Written by: Rachael Keefe

(Un)Packing for the Journey

Take nothing for the journey, except a sturdy walking stick. Seriously? But I’ve got this whole pack of stuff. I have dietary restrictions and I’m not sure if even the …

(Un)Packing for the Journey


Take nothing for the journey, except a sturdy walking stick. Seriously? But I’ve got this whole pack of stuff. I have dietary restrictions and I’m not sure if even the most radical hospitality can cover them. I have books full of wisdom and advice that I’m sure I’ll need. And walking shoes and blister kits and medicines and… and… and… Oh, and let’s not forget all the other stuff I tend to carry along, too. You know, the self-doubt, the guilt, that chorus of critical voices that always makes me rethink my choices, and the burden of past trauma, and all the other junk that I can’t seem to let go of. And, please, can I bring my cell phone for GPS purposes only, I swear.

In spite of my protests, Jesus was pretty clear in sending out those early disciples. He told them not to take anything along with them because nothing they could carry (literally or figuratively) would help them on their way. They had everything they needed and more. And when they forgot that they could do God’s work, they had a companion to remind them that they were not in the business of spreading the Gospel alone. Everything else would be provided by those they would encounter along the way.

I still want to launch a protest, though. I want to point out how much more complicated the world is now. I can’t just go out in the world with nothing but the clothes I wear and a friend and expect that anyone will hear the Good News. Surely Jesus would understand if I brought a few things along! He would, wouldn’t he?

Probably not. Because all those things that I think I need would get in the way of helping to make manifest the Realm of God. As I imagine loading myself up with things I think I need in order to follow Jesus and live a life of love and healing, I wouldn’t make a very good ambassador of grace. I picture a backpack weighing nearly as much as I do, full to overflowing with all my “essential items.” It weighs so heavily on me that my progress from one place to another is so slow that I might as well not move.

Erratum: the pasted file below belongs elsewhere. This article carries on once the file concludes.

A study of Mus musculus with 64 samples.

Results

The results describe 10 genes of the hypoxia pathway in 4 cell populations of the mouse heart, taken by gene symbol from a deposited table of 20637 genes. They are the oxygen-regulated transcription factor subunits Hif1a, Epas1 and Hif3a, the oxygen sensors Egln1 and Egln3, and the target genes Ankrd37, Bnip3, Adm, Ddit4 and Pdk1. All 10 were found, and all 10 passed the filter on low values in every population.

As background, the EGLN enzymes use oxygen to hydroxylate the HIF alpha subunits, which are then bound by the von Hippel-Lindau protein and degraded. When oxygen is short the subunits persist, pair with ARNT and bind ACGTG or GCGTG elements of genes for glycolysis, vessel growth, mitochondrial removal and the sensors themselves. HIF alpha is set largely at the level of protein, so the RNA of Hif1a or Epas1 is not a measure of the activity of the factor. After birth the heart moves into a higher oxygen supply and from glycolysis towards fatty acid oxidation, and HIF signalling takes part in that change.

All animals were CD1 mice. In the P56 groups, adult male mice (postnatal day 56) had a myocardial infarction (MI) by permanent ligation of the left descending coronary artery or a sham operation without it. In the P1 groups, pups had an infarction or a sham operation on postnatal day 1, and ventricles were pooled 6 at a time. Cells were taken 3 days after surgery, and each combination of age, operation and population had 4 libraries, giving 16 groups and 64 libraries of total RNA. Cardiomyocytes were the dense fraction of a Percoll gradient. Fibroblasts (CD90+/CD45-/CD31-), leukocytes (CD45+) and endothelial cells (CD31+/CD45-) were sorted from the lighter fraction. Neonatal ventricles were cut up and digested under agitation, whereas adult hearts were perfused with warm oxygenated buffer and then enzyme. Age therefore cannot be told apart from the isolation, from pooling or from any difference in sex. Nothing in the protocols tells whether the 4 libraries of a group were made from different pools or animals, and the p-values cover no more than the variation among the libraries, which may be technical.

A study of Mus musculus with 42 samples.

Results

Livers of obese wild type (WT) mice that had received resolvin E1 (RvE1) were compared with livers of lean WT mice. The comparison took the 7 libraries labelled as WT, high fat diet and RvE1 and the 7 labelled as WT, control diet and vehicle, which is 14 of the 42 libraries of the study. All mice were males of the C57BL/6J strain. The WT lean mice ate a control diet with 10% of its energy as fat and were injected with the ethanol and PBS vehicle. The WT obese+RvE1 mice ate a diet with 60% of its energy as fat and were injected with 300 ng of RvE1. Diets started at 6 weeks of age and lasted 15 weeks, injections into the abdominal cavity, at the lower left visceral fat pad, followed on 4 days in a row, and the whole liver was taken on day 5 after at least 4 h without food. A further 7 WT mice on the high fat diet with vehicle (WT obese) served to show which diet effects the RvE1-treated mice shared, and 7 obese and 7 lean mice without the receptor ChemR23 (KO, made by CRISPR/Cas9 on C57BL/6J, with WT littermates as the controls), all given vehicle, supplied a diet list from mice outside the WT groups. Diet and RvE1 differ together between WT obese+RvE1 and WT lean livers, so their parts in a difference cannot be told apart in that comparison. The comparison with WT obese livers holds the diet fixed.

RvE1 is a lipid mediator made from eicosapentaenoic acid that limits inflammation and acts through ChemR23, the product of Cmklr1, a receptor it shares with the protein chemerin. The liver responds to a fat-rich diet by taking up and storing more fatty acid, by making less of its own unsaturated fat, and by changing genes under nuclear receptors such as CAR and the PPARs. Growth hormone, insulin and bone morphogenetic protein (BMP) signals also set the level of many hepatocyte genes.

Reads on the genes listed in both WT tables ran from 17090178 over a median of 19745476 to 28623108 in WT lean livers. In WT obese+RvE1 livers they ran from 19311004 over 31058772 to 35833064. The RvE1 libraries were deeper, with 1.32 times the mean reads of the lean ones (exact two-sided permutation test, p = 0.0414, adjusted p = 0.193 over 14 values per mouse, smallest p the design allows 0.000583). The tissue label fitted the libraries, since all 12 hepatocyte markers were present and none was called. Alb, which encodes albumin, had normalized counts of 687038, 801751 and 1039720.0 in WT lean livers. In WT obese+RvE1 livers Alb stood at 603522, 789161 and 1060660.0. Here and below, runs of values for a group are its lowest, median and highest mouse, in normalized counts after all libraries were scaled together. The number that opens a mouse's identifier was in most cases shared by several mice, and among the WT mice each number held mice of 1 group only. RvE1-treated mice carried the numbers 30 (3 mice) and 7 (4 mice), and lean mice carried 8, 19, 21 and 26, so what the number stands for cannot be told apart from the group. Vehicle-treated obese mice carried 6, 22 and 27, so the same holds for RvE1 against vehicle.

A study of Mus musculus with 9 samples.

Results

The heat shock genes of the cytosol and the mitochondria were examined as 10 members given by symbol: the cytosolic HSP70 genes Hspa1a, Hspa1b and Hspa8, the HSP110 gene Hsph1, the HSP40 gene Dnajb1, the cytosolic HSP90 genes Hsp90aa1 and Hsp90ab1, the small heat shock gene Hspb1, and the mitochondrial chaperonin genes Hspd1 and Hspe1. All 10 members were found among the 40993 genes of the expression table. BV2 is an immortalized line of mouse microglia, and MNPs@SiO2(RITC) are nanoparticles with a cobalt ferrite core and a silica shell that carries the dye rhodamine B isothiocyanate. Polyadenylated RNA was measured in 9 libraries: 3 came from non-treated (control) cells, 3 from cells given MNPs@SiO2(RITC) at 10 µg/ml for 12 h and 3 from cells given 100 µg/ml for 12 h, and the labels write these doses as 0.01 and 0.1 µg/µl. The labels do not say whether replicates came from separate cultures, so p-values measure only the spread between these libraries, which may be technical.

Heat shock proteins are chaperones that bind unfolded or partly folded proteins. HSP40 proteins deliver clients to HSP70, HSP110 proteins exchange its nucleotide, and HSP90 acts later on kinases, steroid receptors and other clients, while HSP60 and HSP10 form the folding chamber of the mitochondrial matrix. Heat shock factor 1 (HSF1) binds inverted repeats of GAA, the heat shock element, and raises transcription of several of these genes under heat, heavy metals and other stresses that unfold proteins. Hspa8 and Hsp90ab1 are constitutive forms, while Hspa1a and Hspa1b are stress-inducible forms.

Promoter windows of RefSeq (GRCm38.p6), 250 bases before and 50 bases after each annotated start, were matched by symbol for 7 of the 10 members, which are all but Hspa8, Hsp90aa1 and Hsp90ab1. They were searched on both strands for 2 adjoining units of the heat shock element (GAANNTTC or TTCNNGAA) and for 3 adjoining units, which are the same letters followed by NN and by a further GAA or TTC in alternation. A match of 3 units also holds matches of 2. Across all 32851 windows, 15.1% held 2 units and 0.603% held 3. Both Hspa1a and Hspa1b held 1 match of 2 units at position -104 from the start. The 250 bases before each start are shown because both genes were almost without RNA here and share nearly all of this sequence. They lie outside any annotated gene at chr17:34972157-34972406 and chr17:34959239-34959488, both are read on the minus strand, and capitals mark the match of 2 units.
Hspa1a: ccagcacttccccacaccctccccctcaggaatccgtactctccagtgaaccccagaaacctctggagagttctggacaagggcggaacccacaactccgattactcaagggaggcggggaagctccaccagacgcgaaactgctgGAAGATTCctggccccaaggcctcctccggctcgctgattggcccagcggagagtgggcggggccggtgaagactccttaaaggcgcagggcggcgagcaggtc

I’ve got all this stuff on my back so I can’t look up and see where Jesus is leading. I’m so focused on what my GPS is telling me, I haven’t noticed my neighbors on the sidelines, needing my attention. Then I’m too busy looking for a place with adequate refrigeration for my foodstuffs that I haven’t responded to those who are hungry right next to me. I’m too worried about my own comfort, covered as I am in my sun-protective gear that I’ve failed to see those who are barefoot, exposed, and thirsty all around me. My hands are full with my phone, my water bottle, my walking stick; I can’t reach out in kindness or mercy to anyone.

And if this external stuff doesn’t totally trip me up, the internal jumble I can’t quite let go of, surely will. When my thoughts are so full of my own brokenness, how will I ever speak a word of healing, or see the wholeness of God in those I meet along my way? When I am focused on what I can’t possibly do, how will I ever bring a bit of the Realm of God into the here and now? When I am caught up in regrets for all that I have not done to help others or all that I have done to hurt others, how will anyone find hope and new life in the words I offer? When I am so preoccupied with pieces of my past, how can I reach into a future filled with hope and good things and hold it out for all to see?

Jesus was right. Take nothing for this journey of love and lifesaving. Nothing I can possibly carry, in my hands or in my head, will be of any use. I need to empty myself all that I use to protect myself from the world—the material goods that reveal only a small part of who I am and the clutter in my mind that tells nothing of who I am. I need to open my head, my heart, my hands to the One who shows us how to love. Only when I let go of all that I don’t need, can I truly embody Love and receive the hospitality and joy of all my neighbors. Together, when we empty our hands, our heads, our hearts of all that is unnecessary, we can make manifest the Realm of God. We are not alone and we have all that we need …even (maybe especially) those of us who tend to live in rebellious houses.

RCL – Year B – Seventh Sunday after Pentecost – July 8, 2018
2 Samuel 5:1-5, 9-10 with Psalm 48 or
Ezekiel 2:1-5 with Psalm 123
2 Corinthians 12:2-10

Photo: CC0 image by Simon Steinberger


Rachael is an author, a pastor, a teacher, and a poet. Her latest book (The Lifesaving Church - Chalice Press) is on faith and suicide prevention. She is currently the pastor of Living Table UCC in Minneapolis, and has launched a spiritual direction practice.